Thursday, July 15, 2010

Chain Bridge: The Rebels are Coming! The Rebels are Coming!


Chain Bridge seems to be the location that keeps on giving.  Who knew that a bridge could hold so many stories about the Civil War?  As mentioned in my first post on the subject, Chain Bridge saw no real action during the Civil War.  However, at various times throughout the conflict, concerns about a possible Confederate threat to the nation's capital loomed large, and the garrison at Chain Bridge got caught up in events.  One of the most notable episodes occurred in August 1862 during the Second Manassas Campaign.

After General McClellan's failed Peninsula Campaign in the spring and summer of 1862, the Army of the Potomac was ordered to move off the Virginia Peninsula and closer to Washington.  McClellan objected, but to no avail.  The Federal general certainly did not relish the prospect of helping the newly-formed Army of Virginia under Major General John Pope, a pompous general brought East from the Western theater.  By the time McClellan got his army moving towards Washington in mid-August,  General Robert E. Lee's Army of Northern Virginia was moving to destroy the Army of Virginia before McClellan could provide reinforcements. When McClellan arrived in Alexandria on August 26, two of his army corps (the Third and Fifth) were on their way to Pope.  The Sixth Corps under Major General William B. Franklin had just arrived, and the Second Corps under Major General Edwin V. Sumner would disembark in Alexandria a couple of days later. McClellan, who stepped into an ill-defined command situation, began to bicker with General-in-Chief Henry W. Halleck over control of his two remaining corps.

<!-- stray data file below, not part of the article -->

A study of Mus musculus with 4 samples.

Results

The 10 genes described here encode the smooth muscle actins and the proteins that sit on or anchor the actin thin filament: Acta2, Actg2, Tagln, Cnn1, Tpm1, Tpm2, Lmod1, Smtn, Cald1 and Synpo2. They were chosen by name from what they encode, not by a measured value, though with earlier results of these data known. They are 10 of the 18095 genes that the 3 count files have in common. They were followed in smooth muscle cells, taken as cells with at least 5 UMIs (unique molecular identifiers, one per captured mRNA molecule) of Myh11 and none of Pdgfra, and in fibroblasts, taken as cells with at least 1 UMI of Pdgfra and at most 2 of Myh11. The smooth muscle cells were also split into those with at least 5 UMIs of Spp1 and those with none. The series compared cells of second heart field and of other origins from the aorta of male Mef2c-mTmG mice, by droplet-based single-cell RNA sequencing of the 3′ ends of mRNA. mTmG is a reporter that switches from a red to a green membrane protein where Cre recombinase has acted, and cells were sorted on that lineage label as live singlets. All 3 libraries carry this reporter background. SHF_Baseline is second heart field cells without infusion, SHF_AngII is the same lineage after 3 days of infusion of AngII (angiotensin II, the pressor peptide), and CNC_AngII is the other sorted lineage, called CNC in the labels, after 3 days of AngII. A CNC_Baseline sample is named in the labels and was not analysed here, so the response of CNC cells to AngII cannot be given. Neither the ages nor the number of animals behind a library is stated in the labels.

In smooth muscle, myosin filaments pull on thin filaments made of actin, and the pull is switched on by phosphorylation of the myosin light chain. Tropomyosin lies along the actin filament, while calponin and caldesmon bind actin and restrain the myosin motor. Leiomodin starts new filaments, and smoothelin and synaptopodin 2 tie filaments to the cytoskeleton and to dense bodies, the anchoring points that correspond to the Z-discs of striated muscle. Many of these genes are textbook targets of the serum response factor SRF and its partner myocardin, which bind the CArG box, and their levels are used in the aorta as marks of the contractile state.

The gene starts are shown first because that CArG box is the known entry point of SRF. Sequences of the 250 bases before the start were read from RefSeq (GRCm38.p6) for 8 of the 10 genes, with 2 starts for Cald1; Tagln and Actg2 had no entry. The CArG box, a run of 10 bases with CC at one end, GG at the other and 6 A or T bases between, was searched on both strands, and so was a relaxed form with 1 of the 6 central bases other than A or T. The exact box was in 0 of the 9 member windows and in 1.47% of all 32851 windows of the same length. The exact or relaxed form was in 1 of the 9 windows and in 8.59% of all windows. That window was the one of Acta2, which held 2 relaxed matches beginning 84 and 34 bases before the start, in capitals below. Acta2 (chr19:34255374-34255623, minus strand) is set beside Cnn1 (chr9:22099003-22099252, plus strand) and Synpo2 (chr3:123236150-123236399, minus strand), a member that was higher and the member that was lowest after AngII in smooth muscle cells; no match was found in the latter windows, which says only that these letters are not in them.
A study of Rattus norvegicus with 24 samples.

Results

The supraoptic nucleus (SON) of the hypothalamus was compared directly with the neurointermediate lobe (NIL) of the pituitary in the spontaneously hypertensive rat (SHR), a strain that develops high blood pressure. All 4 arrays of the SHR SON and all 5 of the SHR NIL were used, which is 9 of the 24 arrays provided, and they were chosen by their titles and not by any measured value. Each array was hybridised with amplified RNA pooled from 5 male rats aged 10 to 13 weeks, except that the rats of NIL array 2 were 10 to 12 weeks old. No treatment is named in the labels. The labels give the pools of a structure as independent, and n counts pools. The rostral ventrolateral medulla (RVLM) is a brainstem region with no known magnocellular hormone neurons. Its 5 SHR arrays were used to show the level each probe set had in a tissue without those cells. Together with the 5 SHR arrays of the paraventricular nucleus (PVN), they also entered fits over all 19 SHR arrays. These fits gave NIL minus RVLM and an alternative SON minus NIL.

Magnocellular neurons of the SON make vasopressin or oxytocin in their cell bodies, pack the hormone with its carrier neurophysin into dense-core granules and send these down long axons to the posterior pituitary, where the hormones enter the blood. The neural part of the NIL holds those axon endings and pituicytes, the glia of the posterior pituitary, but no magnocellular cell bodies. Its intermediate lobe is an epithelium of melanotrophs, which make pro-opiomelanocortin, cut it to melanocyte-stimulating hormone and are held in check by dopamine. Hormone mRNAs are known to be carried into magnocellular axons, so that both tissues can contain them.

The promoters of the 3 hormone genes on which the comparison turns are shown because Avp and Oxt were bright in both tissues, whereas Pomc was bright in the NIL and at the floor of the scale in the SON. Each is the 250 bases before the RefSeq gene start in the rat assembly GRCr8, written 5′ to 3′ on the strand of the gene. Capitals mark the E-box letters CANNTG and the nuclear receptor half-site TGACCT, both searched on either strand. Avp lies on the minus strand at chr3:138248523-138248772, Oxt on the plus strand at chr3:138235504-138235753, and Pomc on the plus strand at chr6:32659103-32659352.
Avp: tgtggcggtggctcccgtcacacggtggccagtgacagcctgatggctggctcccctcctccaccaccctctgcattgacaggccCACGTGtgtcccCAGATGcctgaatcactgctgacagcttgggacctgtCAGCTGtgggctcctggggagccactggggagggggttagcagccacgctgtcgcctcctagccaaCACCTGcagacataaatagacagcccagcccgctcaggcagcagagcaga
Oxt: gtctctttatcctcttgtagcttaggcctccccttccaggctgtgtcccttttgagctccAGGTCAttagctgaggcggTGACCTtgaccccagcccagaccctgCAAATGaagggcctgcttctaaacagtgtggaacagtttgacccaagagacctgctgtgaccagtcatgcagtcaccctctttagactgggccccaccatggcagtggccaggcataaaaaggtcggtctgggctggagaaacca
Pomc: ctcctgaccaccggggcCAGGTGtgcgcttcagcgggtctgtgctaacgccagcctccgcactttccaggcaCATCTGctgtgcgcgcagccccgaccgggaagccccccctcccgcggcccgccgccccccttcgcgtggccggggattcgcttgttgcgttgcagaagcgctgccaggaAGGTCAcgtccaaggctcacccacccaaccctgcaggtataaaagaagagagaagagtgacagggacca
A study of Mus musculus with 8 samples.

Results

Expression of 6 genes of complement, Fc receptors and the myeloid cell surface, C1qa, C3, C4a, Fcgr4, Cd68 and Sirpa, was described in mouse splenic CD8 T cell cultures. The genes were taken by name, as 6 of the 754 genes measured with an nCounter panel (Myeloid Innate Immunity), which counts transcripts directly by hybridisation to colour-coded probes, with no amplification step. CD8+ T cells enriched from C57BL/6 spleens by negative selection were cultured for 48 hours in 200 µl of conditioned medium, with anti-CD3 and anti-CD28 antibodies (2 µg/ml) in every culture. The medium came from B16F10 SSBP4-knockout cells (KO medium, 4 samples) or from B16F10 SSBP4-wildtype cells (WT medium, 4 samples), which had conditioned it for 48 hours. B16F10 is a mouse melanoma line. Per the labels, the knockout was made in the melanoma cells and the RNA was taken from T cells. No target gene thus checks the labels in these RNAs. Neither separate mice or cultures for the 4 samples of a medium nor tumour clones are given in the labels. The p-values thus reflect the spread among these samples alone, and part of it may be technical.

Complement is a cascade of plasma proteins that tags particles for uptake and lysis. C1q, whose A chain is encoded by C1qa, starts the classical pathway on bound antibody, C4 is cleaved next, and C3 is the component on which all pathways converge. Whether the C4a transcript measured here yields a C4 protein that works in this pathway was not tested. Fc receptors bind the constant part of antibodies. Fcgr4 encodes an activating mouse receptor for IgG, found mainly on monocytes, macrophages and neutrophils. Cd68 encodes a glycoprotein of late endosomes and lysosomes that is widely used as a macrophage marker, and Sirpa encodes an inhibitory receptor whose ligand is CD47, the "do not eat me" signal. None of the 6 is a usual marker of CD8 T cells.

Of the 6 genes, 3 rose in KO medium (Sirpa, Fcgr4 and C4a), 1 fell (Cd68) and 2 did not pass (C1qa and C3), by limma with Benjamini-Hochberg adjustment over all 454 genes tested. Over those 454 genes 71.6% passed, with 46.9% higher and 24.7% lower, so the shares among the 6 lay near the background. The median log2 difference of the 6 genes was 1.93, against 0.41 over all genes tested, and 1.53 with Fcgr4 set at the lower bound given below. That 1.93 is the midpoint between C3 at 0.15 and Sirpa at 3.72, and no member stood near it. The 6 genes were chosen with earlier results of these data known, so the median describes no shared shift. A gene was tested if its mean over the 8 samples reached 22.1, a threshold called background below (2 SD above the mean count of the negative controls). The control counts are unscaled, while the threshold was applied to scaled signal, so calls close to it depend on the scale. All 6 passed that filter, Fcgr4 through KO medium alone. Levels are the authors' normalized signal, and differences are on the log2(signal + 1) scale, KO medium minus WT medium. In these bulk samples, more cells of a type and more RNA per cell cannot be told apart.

Major General Edwin V. Sumner, head of the Second Corps, Army of the Potomac (Library of Congress)


Major General Henry W. Halleck, General-in-Chief of the Union Army (Library of Congress)

Chain Bridge soon became the focus of attention.  On August 28, McClellan informed Halleck that various sources reported that "the enemy with 120,000 men intend advancing on the forts near Arlington and Chain Bridge, with a view of attacking Washington & Baltimore."  As McClellan confirmed in a subsequent letter to his wife, "there was a terrible scare in Washington" that night when "[a] rumor got out that Lee was advancing rapidly on the Chain Bridge with 150,000 men....I did not get 5 minutes consecutive sleep all night--so thick were the telegrams!"  McClellan, always cautious and inclined to imagine worst case scenarios, believed that Lee might be trying to get his army between Pope and Washington.  He made the defense of the capital his top priority.  Pope would have to wait for the Second and Sixth Corps.


General McClellan and his wife, Mary Ellen (Library of Congress)

Early on the morning of August 29, McClellan reacted to the alleged Confederate advance.  He ordered two regiments and an artillery battery from the Second Corps to march to the vicinity of Chain Bridge on the Virginia side.  By the morning of August 30, three of Sumner's brigades were on both sides of Chain Bridge, and the rest of his corps was in Arlington, including the area around Fort Corcoran.  Lee and Pope, however, were engaged in a ferocious fight around the old battlefield of Bull Run.  Around 2 pm, Halleck ordered Sumner's entire corps, along with the Sixth Corps, to be "pushed forward with all possible dispatch" to the front.  The threat to Washington by way of Chain Bridge had just been as McClellan described it -- a mere "rumor."  Unfortunately for the Union Army, the remainder of McClellan's army was too late to make any difference.  Lee's army soundly defeated Pope's forces and would soon launch an invasion of Maryland.

2 comments:

Anonymous said...

I am impressed by your ability to continue churning out posts while otherwise occupied! (jk)

Ron said...

Well, guess I am a pretty productive person! And you do need a distraction or two. (It helpd that I did research and wrote some posts before the boys were born.) I will keep posting weekly for now, more or less, and pick it up when things are less hectic!